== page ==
The FSA has fined two mortgage firms and banned a third for sub-prime failings, following its investigations into the sector.

The FSA has fined The Loan Company trading as Greenhill Finance £31,500 and Next Generation Mortgages Limited £10,500.

It has also stopped Homebuyer Securities Limited from trading.

The FSA says that both TLC and NGM failed to correct record keeping failings identified during FSA visits in 2005. They also did not gather adequate customer information to assess affordability or support the mortgage recommendations made.

TLC did not adequately train its staff, failed to monitor or review client files properly and gave customers inconsistent information about the key features of the product.

NGM could not demonstrate why recommendations were made and it failed to explain the details or risks of recommended mortgages to customers.

Meanwhile, banned broker HSL did not ensure that all of its advisers were qualified to give mortgage advice.

NGM has agreed to stop selling self-certification mortgages, which require verification of income by lenders, due to FSA concerns and HSL has agreed that its director will never work as a mortgage broker again.

All three firms have been required to conduct a past business review to identify whether customers have suffered losses as a result of receiving unsuitable advice.

FSA Director of Enforcement Margaret Cole says: “Firms who do not comply with FSA standards taint the entire mortgage industry which is totally unacceptable. Any firms who place their customers at risk of receiving unsuitable advice through inadequate business processes can expect strong action from the FSA. Firms must ensure they have appropriate systems to protect their customers.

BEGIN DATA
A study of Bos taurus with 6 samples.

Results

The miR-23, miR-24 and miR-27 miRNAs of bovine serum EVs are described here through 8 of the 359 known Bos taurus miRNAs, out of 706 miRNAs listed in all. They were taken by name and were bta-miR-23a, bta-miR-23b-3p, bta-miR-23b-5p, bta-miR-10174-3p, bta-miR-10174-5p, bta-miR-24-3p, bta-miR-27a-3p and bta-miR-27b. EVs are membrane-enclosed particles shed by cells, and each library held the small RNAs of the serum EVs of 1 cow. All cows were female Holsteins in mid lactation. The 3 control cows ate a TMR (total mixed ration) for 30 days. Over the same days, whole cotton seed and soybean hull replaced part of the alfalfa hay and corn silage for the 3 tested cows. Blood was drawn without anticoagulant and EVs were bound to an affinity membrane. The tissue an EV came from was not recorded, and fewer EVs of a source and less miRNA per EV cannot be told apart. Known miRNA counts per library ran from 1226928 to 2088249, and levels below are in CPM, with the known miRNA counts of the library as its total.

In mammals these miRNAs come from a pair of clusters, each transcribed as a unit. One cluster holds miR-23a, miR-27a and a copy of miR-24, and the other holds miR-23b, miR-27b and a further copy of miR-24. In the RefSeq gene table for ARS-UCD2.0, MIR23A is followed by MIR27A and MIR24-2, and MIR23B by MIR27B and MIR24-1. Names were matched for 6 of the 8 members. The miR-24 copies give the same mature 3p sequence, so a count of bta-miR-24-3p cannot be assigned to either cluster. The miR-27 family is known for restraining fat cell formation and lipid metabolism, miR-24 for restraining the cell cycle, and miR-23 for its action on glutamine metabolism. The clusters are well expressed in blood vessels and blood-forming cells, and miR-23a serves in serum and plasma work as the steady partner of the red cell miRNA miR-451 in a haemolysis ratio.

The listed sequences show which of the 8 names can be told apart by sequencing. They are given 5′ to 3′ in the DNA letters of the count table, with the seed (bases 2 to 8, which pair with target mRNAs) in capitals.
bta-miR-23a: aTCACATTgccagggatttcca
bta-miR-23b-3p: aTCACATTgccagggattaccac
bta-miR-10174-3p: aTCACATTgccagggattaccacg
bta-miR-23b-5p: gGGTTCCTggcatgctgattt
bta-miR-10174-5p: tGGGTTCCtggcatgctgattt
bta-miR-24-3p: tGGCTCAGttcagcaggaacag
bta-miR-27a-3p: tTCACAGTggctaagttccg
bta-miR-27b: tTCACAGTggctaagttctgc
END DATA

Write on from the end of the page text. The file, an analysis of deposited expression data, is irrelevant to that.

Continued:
“There are a number of actions we can take against firms and individuals which includes fines, public censures or stopping firms and/or individuals from doing business. In addition to these penalties we can also instruct a firm to conduct a detailed and lengthy review of their clients’ files. This will establish if any customers are owed redress and could cost firms many thousands of pounds.”

TLC and NGM agreed to settle at the first stage of the FSA’s investigation therefore qualifying for a 30 per cent discount. Were it not for this discount their fines would have been £45,000 and £15,000.

The failings at TLC occurred during June 2005 to November 2006, between June 2005 and January 2007 at NGM and between October 2004 and February 2007 at HSL.